How Do They Test For Fibromyalgia?

Fibromyalgia (FM) is a painful and debilitating condition that according to medical experts affects at least ten million people in the U.S. alone. Researchers have discovered persistent toxicity and chronic stress to be the main causes of fibromyalgia. The exact statistics on how many people are actually suffering from this condition is unknown. The last time the Centers for Disease Control and Prevention (CDC) reported on the number of people diagnosed with fibromyalgia was in 2005 – which at the time was 5 million cases.

In a 2011 research paper, the world renowned fibromyalgia researcher, Daniel Clauw, M.D. reported: “FM remains undiagnosed in an estimated 75% of people with the disorder….it is thought that FM remains undiagnosed in as many as 3 of 4 people with the disorder.” So the prevalence of fibromyalgia may be as high as forty million people, just in the U.S.

How To Diagnose Fibromyalgia?

When a patient presents complaining of chronic widespread pain and fatigue, the first step is to rule out the most common disease processes that could be the cause of these symptoms.

Routine laboratory testing of a blood sample can screen for the following common diseases that can cause widespread pain and fatigue: Lyme disease, Systemic Lupus Erythematosus (SLE), autoimmune disorders, connective tissue disease, hypothyroidism and other endocrine disorders , rheumatoid arthritis, polymyalgia, liver disease, and hypovitaminosis D (Vitamin D deficiency).

In addition, neurological testing should be used to rule out Multiple Sclerosis.

Once medical testing confirms the absence of the above conditions, then the American College of Rheumatology (ACR) diagnostic classification criteria can be followed for fibromyalgia diagnosis.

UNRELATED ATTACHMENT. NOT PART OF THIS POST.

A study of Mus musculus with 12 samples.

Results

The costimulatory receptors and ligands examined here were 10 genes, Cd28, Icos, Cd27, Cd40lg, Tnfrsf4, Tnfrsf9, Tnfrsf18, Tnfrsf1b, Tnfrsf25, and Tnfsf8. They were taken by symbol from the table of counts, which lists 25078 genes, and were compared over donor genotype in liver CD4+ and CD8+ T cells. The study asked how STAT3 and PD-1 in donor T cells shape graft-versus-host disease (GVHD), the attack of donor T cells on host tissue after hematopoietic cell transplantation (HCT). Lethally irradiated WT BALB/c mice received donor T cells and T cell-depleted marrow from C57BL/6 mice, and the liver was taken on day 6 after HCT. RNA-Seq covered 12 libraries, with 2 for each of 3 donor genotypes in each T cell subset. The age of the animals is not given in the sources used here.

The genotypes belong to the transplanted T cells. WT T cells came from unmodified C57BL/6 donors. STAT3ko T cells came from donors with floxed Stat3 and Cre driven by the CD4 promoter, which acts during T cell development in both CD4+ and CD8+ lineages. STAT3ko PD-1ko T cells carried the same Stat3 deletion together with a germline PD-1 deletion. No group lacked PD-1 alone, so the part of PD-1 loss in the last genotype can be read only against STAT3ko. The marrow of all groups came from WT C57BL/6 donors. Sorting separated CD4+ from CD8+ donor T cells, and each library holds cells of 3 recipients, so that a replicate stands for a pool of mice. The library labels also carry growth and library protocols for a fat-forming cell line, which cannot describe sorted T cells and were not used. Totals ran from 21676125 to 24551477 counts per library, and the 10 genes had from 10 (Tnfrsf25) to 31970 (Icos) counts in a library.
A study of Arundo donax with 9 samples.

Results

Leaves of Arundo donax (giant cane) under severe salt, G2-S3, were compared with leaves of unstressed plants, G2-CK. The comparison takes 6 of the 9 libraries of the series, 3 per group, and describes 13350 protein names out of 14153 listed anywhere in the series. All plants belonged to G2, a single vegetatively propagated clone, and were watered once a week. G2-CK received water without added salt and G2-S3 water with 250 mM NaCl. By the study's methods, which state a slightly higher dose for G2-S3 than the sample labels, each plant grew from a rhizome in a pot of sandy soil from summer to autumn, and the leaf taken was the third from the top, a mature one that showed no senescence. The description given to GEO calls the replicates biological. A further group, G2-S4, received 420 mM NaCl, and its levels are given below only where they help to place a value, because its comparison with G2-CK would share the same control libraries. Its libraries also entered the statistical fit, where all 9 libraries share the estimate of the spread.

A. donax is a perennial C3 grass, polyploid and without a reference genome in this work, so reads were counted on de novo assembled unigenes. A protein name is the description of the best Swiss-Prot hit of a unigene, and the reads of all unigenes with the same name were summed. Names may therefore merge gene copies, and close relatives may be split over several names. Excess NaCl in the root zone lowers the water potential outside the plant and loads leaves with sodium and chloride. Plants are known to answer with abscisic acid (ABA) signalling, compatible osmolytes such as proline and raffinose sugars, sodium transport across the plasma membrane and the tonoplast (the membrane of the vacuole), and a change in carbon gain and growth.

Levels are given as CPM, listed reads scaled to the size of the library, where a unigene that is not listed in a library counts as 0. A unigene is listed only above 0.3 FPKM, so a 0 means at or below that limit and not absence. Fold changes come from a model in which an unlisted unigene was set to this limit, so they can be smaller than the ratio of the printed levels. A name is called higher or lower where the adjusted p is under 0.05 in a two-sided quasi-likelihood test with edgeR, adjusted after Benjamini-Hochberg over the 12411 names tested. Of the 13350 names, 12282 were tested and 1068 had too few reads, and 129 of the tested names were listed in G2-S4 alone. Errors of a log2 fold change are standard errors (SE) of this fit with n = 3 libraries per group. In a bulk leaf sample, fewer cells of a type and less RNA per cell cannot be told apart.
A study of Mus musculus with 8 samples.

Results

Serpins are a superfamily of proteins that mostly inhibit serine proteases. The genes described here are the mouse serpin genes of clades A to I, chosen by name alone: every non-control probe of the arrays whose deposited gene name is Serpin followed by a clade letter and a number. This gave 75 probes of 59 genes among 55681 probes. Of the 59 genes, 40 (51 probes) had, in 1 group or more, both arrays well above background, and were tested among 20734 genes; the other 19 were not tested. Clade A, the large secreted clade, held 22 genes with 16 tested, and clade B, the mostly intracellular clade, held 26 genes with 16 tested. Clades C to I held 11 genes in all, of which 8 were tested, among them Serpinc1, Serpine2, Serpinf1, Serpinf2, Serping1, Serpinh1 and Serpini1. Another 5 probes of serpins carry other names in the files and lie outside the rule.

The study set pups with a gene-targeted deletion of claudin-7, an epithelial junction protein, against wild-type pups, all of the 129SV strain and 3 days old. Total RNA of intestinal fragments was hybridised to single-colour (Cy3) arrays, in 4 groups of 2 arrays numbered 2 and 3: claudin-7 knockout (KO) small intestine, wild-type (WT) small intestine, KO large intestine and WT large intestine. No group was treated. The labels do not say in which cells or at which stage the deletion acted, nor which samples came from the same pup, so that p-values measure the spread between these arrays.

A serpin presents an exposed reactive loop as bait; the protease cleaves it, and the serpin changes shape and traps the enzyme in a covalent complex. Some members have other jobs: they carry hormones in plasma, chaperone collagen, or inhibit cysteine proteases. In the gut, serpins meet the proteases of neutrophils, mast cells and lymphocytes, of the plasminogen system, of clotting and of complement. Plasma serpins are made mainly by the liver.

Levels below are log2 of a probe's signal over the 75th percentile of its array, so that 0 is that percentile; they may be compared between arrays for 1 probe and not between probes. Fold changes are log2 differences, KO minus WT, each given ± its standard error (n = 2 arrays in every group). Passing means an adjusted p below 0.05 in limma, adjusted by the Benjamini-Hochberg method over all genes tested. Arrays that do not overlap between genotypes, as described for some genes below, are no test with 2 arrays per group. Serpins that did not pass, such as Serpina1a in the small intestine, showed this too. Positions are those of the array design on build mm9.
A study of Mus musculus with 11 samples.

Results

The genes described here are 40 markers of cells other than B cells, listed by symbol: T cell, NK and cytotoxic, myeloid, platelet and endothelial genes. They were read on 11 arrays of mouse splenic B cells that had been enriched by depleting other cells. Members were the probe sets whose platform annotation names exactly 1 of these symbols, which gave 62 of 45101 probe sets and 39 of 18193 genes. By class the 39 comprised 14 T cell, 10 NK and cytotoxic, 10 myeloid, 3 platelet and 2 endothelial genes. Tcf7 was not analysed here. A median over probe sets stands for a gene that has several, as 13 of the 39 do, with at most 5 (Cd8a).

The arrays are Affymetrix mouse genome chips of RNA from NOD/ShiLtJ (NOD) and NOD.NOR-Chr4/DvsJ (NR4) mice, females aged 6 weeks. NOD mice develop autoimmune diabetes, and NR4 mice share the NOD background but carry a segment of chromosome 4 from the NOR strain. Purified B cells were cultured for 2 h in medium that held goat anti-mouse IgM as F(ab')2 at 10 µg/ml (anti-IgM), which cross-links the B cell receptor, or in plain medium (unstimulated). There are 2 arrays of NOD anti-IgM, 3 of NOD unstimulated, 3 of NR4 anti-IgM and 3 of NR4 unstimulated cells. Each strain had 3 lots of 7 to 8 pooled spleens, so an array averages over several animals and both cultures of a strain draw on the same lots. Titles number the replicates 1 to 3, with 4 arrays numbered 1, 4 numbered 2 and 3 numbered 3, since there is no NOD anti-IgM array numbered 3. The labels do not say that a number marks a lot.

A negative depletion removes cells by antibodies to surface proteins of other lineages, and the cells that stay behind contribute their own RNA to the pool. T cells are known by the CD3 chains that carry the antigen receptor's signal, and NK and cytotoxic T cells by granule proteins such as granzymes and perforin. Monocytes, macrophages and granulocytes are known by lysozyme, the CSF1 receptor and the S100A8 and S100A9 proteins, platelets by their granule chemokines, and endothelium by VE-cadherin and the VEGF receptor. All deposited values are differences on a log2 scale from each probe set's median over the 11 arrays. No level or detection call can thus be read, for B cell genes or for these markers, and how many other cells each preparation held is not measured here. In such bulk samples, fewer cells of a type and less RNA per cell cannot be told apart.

American College of Rheumatology

First the 1990 diagnostic criteria stated: Patients can be classified as having fibromyalgia if they have the following symptoms and findings:

  • Widespread musculoskeletal pain for at least 3 months,
  • Excess tenderness in at least 11 of 18 specific sites known as “tender points.”

american college of rheumatology fibromyalgia 2010
The 1990-2010 preliminary and modified 2010 American College of Rheumatology criteria

Then in 2010  the ACR developed a different set of criteria as the preliminary diagnostic criteria for fibromyalgia. These new criteria do not require a tender point examination, which was very difficult for many physicians to perform. These new criteria allow for the diagnosis to be made based upon combined numerical scores for the extent of widespread pain and for the severity and extent of symptoms. These criteria require the assessment of 3 key elements:

  • Presentation of chronic widespread pain in all 4 quadrants of the body for at least 3 months.
  • Widespread Pain Index (WPI)  that assesses the number of painful body areas –The WPI is essentially a list of 19 different body regions, which is used to record the number of painful regions.
  • Symptoms severity (SS) scale – The SS scale consists of categorical scales that assesses severity for fatigue, unrefreshed sleep, and cognitive symptoms, as well as the other somatic symptoms.

So fibromyalgia diagnosis is straight forward when you follow this simple two step process:

1. Have a physician rule out the most common disease processes that could be the cause for chronic widespread pain and fatigue (as discussed above), and

2. See a  rheumatologist who is fully familiar with the American College of Rheumatology (ACR) diagnostic criteria for fibromyalgia.